My previous blog on My Father is a Hero was just a collection of random thoughts, but it also contained links to websites with a plot synopsis and cast and crew lists.
An important theme that runs through My Father is a Hero is the importance of keeping faith, whether that be to other people, your job or the promises you make. Several of the key characters in this film are confronted with the challenge of keeping the faith in trying circumstances, and it is this that drives the narrative.
The titular father, Kung Wei (played by Jet Li), is an essentially decent man who finds himself stranded in a web of loyalties during the course of the film. A devoted father and husband, living with his family in Beijing, Kung is also, unbeknownst to his loving family, an undercover cop. Kung is ordered by his superior to go deep undercover and infiltrate a Hong Kong gang. Kung is not able to share this information with either his family or the Hong Kong police force. Due to this cover his family and the Hong Kong police are left to assume that Kung is a genuine criminal. To make matters worse, Kung’s wife is dying and she and her son desperately need his presence.
To further complicate matters, Kung has to pretend loyalty to Po (played by Yu Rong Guang), the sociopathic gang leader he has been sent to spy on. In order to infiltrate Po’s gang, Kung participates in a set up escape that leads to his bonding with Po’s henchman Darkie (played by Blacky Ko Sau Leung). In the course of this escape Kung saves Darkie’s life, which earns him Darkie’s undying gratitude and staunch loyalty. This is useful as Darkie vouches for Kung to Po, and this facilitates Kung’s being accepted into Po’s outfit. But what emerges is that Darkie, although a career criminal, isn’t too bad a bloke and one suspects that he drifted into crime because he was just a bit dim. Darkie and Kung watch each other’s backs, and a genuine friendship develops between the two. Reciprocating Darkie’s loyalty is yet another personal obligation that Kung must shoulder.
As alluded to in the title, the central relationship in the film is that between Kung and his son Siu Ku (played by Xie Mao). In the early scenes we see that Ku is anxious for his father’s attention and endorsement. There is a particularly sweet scene where we see the two brushing their teeth side by side before practicing a martial arts breath technique, during which they grab the chance to give each other a furtive hug and pat on the back. Shortly after, in another scene, Ku forces his father to give up smoking by substituting cigarettes with confectionary. His father gives Kung his word to do so, telling his son that a man always keeps his promises. This is important, as all through the movie, when it looks as if Kung is putting his duty to his job ahead of his duty to his family, we see him sucking on the confectionary. This is a visual reminder that Kung is clinging onto at least one promise he made to his son.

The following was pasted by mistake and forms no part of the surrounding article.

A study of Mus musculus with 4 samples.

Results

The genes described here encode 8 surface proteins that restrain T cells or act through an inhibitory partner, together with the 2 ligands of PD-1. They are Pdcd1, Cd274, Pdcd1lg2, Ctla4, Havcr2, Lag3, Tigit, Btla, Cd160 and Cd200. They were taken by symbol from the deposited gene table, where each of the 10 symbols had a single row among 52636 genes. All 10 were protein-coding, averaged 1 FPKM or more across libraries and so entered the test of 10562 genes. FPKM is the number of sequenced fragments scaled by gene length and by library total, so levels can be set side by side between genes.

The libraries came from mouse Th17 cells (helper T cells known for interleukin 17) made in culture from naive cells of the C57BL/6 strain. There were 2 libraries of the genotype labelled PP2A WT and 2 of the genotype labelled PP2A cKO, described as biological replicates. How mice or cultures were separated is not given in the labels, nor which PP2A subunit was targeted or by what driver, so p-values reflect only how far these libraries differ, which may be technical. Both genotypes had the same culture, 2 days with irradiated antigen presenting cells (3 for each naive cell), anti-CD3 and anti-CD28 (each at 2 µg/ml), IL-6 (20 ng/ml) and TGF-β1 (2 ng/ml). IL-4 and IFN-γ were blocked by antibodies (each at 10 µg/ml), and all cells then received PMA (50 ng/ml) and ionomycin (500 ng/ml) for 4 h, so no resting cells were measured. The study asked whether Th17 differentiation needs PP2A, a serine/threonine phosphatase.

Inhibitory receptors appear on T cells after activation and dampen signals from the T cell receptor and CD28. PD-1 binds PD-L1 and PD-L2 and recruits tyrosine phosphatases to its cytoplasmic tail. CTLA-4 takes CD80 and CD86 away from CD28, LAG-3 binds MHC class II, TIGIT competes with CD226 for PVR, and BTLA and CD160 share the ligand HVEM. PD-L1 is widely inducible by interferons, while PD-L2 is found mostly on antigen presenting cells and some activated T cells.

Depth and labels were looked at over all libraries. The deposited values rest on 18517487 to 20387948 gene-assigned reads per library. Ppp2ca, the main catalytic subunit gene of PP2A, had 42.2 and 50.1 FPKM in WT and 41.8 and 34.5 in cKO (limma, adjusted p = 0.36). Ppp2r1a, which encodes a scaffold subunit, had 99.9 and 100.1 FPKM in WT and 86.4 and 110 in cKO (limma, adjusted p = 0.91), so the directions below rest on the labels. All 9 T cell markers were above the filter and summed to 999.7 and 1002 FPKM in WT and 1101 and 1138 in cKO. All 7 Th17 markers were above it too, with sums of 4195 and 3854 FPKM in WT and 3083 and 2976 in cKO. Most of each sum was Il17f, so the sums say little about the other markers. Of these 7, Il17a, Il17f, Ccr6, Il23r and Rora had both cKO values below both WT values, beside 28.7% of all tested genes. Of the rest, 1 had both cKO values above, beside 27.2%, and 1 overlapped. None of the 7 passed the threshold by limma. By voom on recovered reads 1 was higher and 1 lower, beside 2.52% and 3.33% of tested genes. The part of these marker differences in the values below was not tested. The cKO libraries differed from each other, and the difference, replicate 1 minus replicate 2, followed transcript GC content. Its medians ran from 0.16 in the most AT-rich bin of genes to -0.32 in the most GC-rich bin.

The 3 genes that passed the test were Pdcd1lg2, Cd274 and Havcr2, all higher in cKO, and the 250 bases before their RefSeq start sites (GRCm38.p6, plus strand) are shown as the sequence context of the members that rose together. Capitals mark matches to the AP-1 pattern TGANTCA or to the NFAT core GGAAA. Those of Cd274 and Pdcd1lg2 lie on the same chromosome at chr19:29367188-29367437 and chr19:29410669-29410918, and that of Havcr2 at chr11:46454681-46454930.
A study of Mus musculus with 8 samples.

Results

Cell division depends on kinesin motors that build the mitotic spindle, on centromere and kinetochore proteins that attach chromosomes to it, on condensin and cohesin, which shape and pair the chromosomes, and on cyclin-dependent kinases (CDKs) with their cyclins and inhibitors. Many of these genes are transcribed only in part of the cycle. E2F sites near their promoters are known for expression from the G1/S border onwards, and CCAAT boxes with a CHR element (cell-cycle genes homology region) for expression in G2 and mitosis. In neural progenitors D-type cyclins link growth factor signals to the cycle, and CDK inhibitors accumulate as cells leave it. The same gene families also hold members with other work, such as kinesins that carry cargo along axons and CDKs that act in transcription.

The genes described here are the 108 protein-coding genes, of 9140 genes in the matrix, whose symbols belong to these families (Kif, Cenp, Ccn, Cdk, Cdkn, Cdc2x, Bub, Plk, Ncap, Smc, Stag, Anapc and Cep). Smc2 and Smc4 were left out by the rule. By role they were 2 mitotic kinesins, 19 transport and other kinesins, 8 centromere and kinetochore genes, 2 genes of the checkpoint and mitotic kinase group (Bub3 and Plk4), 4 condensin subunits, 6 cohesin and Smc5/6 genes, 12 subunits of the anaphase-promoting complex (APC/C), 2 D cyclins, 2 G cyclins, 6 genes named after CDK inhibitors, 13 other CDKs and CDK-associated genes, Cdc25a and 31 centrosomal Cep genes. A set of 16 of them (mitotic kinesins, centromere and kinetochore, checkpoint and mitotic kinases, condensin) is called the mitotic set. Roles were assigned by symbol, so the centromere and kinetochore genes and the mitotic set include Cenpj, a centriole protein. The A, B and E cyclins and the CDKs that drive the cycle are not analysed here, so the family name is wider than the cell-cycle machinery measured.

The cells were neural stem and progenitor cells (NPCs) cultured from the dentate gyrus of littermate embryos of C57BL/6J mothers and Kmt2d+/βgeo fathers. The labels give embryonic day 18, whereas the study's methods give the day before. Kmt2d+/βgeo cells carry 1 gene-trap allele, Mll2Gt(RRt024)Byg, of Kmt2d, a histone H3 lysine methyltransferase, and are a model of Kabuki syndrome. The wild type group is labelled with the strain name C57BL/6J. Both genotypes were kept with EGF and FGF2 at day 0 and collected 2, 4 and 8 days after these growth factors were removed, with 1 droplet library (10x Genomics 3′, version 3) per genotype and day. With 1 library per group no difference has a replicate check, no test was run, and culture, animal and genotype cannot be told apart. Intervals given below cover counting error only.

For me, one of the most problematic aspects of the film is the violence experienced by the child. In the film’s darkest scene Ku is smacked around by Po until he is bloody. He is then throttled, seemingly to death. To watch a child endure this is bad enough, but what makes it worse is that it is Ku’s own father, Kung, who does the throttling. The reason for this is that Kung does not want to blow his cover and needs to prove himself to the watching Po as a genuine bad guy who has no connection to the child. Ku’s dialogue could be interpreted as him hinting to Kung that Kung should indeed put his duty as a cop first and do whatever it takes to “kill all bad eggs, no matter what, no mercy. My mum and I will support him”. As the film’s story continues, Ku bounces back and exhibits absolutely no sign of either physical or psychological damage. He apparently completely understands and supports his father’s actions. The end of the film sees them combine talents to defeat Po. My Father is a Hero has many merits, and I enjoy watching most of it very much. I can enjoy the final fight scene on the boat enormously (choreographically it is superb) but I am afraid that the scene showing the strangulation of the already battered and bleeding Ku by his own father goes too far for me. In this scene Kung appears to put his duty to his family too far behind his duty to his job. Despite Ku’s dialogue, the depiction of the violence at this point of the film is just too graphic and realistic and overwhelms all other aspects of the film’s text. In this one scene I think director Corey Yuen loses control of his movie and its themes for a few minutes. In the scenes that follow the movie succeeds as an action film, but the audience is denied the opportunity of seeing Kung successfully reconciling, on an emotional level, his duty to his family with his duty to his job.
Kung is one of a few characters in this movie who has complicated and conflicting loyalties. Darkie could be said to briefly have conflicting loyalties when Ku turns up at his gang’s headquarters, and he realises that Kung must be an undercover cop. But he relinquishes his loyalty to Po readily enough, and acts swiftly to rescue Ku and tries hard to reconnect the boy with his father. In an earlier scene he has, after all, promised Ku that he would bring his father back to him. Other than Darkie, most of the supporting characters have simple and straightforward loyalties. Ku’s best friend, Fatty, is clearly devoted to him. Po’s band of thugs unhesitatingly do his bidding, even in the face (or perhaps because) of Po’s often brutal treatment of them.
In the next instalment of this blog, I discuss the relationship between the female characters in the film and the power of the promise in forging that relationship.